When President Obama met top NATO officials in Brussels on March 26, he publicly expressed renewed optimism that America’s estimated $120 billion effort to reconstruct Afghanistan will leave behind “a stable and secure country that serves the prosperity and the security of the Afghan people.”
A month earlier, however, a group of senior U.S. military officers rendered a much harsher judgment in private about the legacy of the 12-year U.S.-led intervention. The officers concluded in a report for the Joint Chiefs of Staff that Afghanistan’s ability to serve its citizens’ needs remains directly threatened by a deeply entrenched culture of corruption that not only defied the West’s intervention but grew substantially worse because of it.
The report, written by a division of the Joint Staff assigned to draw lessons for the future, was based on dozens of interviews with government officials and experts — including 11 flag or general military officers — and its judgments were approved by top commanders, according to a spokesman.
Among the conclusions:
in retrospect, U.S. military forces were unprepared to deal with a country where private profit-making dominated public policymaking;
early U.S. alliances with Afghani warlords helped solidify a corrupt leadership style and a climate of impunity for those involved;
Washington made the problem worse by inundating Afghanistan with more cash than it could absorb in legitimate channels to undertake needed reforms;
American military officers and civilian aid workers alike were unprepared to manage Afghan contractors, resulting in what the report said was “the expenditure of millions of dollars with almost no oversight or alignment with other … [U.S. government] efforts.”
Obama heard some of this bad news directly in an exit briefing a year ago from the outgoing head of the multilateral military force in Afghanistan, Marine Corps Gen. John Allen. According to the report, Allen told the president that corruption — not an incompetent military, not an inadequate police force, and not the Taliban’s sanctuary in neighboring Pakistan, all longstanding U.S. concerns — currently remains “the existential, strategic threat to Afghanistan.”
Allen’s assessment was in some ways unsurprising: The Obama administration is considering an accelerated drawdown of forces there — from a peak of 63,500 in 2012 to as few as 5,000 next year — at least partly due to frustration over the country’s kleptocratic political culture.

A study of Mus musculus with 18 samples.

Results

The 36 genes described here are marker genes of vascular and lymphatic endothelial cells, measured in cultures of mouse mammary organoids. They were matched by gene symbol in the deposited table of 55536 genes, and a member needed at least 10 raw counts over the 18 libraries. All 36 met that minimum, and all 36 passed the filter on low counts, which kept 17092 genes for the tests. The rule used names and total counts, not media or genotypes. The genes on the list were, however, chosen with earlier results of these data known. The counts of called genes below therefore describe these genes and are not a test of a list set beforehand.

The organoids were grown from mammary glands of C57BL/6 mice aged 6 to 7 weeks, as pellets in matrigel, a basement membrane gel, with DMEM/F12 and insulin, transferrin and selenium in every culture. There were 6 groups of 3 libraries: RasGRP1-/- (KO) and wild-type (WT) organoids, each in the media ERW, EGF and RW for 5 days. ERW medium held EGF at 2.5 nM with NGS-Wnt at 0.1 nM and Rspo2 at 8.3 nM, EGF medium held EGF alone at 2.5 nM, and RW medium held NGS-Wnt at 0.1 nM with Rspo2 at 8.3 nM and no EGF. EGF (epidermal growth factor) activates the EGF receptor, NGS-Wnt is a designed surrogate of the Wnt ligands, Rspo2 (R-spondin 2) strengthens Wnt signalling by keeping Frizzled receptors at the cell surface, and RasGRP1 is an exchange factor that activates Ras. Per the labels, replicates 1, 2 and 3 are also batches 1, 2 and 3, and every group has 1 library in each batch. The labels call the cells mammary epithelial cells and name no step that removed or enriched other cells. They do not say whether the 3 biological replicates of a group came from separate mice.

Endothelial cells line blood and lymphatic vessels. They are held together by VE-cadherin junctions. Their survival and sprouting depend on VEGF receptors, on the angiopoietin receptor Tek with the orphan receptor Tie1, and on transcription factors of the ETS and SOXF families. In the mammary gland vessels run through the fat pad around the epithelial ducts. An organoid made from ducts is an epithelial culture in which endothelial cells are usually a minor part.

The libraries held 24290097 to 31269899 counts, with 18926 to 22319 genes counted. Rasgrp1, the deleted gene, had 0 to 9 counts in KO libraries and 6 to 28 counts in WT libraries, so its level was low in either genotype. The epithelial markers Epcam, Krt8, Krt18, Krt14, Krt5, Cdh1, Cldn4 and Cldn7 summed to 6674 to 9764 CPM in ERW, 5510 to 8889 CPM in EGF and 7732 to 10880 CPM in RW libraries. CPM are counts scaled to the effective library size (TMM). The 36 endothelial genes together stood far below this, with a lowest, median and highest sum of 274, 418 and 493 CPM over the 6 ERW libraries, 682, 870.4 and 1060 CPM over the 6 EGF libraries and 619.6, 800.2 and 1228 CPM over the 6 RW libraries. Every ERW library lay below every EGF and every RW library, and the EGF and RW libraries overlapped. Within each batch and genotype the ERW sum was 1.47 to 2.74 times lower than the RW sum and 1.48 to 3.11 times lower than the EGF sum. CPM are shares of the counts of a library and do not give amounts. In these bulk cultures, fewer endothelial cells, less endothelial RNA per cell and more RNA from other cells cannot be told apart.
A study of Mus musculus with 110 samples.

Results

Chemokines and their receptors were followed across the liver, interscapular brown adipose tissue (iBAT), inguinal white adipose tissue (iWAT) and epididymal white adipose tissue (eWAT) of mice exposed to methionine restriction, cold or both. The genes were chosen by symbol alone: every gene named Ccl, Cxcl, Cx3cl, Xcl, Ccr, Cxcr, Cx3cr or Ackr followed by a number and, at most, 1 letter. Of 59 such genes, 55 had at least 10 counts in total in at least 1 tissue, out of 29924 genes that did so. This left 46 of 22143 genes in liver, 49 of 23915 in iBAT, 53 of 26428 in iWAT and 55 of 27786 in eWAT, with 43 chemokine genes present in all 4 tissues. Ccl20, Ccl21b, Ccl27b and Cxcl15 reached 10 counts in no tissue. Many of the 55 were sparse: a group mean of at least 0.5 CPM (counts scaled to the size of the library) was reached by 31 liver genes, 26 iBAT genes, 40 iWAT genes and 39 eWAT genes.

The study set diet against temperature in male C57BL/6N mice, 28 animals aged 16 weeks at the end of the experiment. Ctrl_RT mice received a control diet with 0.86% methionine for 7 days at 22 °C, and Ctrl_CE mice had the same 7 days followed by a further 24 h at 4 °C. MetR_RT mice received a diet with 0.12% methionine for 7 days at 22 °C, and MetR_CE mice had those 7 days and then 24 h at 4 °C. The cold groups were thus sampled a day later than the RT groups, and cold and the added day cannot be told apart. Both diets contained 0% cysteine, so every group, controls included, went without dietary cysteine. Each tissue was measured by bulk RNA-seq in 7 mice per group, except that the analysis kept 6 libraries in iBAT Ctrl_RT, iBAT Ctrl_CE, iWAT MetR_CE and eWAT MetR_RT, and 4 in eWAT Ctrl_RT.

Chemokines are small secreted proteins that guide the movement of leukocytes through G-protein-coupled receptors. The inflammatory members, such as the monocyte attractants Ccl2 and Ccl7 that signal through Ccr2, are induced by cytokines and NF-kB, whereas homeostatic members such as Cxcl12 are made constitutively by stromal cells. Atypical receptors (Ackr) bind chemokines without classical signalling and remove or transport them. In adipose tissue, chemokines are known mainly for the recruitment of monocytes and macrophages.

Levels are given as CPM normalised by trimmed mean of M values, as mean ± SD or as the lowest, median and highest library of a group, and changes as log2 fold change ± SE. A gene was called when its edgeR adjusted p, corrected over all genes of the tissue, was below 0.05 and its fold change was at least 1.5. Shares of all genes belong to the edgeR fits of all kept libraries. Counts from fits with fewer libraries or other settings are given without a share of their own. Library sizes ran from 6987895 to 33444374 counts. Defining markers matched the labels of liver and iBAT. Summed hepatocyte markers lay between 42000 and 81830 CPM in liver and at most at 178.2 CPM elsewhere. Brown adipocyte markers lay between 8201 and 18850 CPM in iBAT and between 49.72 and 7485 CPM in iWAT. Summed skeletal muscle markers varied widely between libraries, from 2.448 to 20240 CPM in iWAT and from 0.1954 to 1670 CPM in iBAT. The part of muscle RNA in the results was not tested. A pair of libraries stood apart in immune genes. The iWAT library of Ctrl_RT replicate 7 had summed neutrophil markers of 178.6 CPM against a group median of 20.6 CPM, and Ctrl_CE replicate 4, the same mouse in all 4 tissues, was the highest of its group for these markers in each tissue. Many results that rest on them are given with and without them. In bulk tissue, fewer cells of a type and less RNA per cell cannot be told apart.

Independent experts, congressional panels, and John Sopko, the U.S. Special Inspector General for Afghanistan Reconstruction, have all voiced similar criticisms that Washington and its allies failed to combat what is now generally recognized as that war-torn nation’s most intractable and consequential problem.
But the Joint Chiefs of Staff report stands out for two reasons: It makes clear that some senior officers recognize that a major military incursion can be disastrously undermined by an overriding, non-military factor, namely an illicit national economy. And it acknowledges that the U.S. military itself bears much blame for Afghanistan’s enduring mess, due to its poor understanding of Afghan traditions, mismanagement of key reform efforts, and weak oversight of its local partners.
The report displays “a critical awareness and candor often missing from official documents,” says Sopko, the special inspector general.
The depth of the problem should have been clearer, the report suggests, from polls showing that many Afghan citizens believed local officials abused their power and that federal decision-making was itself corrupt. Some citizens viewed the Taliban and its shadowy judicial processes as less prone to the bribery, selective prosecution, and extortion that permeated official government actions.
But international and U.S. forces headquarters were mostly clueless about how to respond, the report suggested. It quoted a complaint from the head of the Defense Contract Management Agency’s efforts in the country that none of the military services “man, train, or equip for countering corruption.” A senior military adviser to the Afghan Interior Ministry said this shortcoming played into contractors’ hands and made those deployed seem like “amateurs confronted with professionals.”